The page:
The Business of Relativity
A State of Being Referenced
By Esmond Ng 05/06/10 © Copyright
Recently, there was an article suggesting that the strengthening of the Singapore dollar would not affect our exports. In the conventional school of thought, the appreciation of a country’s currency would naturally lead to its exports being comparatively more expensive for the importing country. However this article suggests that because of the stronger dollar, the inputs (which are mostly sourced internationally) into the export products become cheaper; thus not affecting our export costs and quantities.
We are not probating nor assailing the article’s point of view, but instead using it to bring up a relevant issue of relativity. When we try to make any sort of comparisons, the subject will always be relative to another matter. When we purchase our end-product inputs, what is our exchange rate to the source country? Is the other currency moving in the same direction too? Or is our appreciation really a true indication of more value?
If we are assessing exclusively, then whatever we are looking at will always be absolute for there is nothing else to benchmark against. Personally, a 1.0L automobile is a luxury to me. (Or any other affordable automobile for that matter of fact) However, once you put the subject next to a Mercedes or even a Bentley, the comparison immediately becomes obvious.
I boldly propose that Sun Tzu’s most renowned phrase has remained famous over the last 2,000 years precisely for the same reason. Without knowing who and what we are up against is surely tantamount to failure. How can we expect to compete with something that we are not aware of?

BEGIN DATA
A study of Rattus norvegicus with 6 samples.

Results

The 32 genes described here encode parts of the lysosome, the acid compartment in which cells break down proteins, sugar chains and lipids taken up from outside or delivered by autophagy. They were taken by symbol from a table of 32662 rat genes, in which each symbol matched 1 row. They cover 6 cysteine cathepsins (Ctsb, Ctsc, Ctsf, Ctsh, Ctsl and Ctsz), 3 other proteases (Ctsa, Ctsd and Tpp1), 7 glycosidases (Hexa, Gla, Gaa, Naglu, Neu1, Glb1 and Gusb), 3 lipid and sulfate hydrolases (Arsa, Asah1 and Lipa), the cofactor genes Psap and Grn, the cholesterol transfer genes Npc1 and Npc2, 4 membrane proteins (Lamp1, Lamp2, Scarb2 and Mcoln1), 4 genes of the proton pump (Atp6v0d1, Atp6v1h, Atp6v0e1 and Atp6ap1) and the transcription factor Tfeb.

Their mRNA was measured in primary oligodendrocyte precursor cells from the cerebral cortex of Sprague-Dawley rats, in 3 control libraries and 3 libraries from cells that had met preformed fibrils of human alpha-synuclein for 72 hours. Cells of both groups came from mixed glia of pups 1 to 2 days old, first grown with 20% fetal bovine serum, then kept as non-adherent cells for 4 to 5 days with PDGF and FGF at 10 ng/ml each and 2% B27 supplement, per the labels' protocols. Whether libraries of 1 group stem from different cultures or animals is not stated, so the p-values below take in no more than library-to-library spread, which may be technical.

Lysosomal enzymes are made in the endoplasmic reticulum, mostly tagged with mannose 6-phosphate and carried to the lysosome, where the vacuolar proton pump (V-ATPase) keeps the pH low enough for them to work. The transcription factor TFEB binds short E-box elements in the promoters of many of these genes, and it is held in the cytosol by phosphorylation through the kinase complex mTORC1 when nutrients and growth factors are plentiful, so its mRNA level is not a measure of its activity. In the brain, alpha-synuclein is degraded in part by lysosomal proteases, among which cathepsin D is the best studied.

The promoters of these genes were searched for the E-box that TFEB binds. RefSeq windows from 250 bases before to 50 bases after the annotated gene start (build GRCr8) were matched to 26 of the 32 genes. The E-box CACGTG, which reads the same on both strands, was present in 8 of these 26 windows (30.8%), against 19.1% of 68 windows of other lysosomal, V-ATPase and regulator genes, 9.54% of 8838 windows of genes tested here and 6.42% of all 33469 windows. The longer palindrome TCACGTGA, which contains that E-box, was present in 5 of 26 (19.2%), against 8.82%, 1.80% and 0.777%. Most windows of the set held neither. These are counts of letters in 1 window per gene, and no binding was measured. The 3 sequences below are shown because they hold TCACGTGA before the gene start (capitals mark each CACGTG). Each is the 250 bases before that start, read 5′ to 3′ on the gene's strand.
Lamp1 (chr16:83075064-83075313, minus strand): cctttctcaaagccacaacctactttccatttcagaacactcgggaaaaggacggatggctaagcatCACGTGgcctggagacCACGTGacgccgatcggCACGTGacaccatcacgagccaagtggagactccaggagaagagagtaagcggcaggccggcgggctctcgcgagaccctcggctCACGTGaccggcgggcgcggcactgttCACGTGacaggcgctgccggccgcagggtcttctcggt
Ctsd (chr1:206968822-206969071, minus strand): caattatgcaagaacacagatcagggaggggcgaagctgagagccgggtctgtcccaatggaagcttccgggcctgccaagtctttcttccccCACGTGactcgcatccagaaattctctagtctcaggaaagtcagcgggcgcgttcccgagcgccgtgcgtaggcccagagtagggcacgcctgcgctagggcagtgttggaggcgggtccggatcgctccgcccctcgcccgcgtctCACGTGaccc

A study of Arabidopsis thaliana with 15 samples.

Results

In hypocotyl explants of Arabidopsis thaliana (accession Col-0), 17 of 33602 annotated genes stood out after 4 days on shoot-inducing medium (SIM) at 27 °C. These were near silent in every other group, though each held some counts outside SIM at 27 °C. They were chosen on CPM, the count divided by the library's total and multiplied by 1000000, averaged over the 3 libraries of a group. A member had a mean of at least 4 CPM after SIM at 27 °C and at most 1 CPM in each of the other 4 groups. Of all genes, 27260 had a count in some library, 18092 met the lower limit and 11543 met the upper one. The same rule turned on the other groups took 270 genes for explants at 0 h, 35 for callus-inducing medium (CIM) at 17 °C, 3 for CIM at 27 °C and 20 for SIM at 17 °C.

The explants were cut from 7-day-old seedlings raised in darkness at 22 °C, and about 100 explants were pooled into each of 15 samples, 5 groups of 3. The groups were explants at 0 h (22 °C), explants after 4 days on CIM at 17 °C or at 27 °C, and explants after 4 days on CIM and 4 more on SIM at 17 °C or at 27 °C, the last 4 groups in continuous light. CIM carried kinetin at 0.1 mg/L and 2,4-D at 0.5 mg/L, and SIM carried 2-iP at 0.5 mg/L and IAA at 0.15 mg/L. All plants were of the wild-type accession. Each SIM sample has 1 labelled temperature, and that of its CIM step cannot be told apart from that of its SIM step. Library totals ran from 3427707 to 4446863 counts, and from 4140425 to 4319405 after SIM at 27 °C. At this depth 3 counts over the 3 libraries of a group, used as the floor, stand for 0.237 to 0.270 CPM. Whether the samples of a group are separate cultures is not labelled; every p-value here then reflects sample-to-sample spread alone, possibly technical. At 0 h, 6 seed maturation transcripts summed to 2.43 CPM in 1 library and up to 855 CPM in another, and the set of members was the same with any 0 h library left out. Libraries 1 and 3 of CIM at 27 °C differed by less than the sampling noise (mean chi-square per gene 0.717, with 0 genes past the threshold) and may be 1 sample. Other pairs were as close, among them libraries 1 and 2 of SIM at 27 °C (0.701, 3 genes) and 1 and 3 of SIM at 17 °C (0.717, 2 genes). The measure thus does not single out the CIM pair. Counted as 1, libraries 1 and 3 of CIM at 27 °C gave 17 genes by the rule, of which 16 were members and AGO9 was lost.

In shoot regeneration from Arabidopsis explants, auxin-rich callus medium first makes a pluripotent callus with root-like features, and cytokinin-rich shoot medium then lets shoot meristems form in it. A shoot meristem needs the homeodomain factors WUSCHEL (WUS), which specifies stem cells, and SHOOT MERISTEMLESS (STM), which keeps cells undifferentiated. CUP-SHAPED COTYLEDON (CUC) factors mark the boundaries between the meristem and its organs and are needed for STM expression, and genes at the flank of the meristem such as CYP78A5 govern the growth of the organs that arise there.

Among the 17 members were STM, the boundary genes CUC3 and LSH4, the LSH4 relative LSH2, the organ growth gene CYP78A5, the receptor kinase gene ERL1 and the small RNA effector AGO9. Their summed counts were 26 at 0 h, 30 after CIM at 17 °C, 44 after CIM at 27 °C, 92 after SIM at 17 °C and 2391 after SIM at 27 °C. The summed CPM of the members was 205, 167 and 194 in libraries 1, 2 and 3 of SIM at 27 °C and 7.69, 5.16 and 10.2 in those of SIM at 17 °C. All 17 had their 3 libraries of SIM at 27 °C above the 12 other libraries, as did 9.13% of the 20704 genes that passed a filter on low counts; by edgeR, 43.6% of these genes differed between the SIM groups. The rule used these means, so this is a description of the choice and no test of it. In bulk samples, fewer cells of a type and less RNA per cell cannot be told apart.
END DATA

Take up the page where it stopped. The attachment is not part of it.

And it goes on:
There are numerous tools and methodologies known for carrying out competitive analysis. Most of which almost always boil down to the same few principles with “Research” commonly being the first agenda as it sets the forward direction.
Who are our immediate competitors? What advantages do they have? Are there gaps that my business can thrive in? These are perhaps just the tip of the iceberg when accosted with the increasingly competitive arenas that our industries are in.
Then who do we reference ourselves against? If we are the top few market leaders, naturally our strategy would be to compare our strengths and weaknesses against the other top brands available. If we are closer to being a statistic in the sheer volume of companies doing the same replicable business, then we should seriously investigate into setting unique propositions and differentiating ourselves.
Only through thorough reflection and more reflection would we know how to capitalize on what we’ve got and where to improve ourselves where it most counts. The important thing here is knowing which other business(es) we are relative to. Talk to many people; experts and laymen. Talk to consultants if you have to. Finding out how you compare to the next better player will set you free.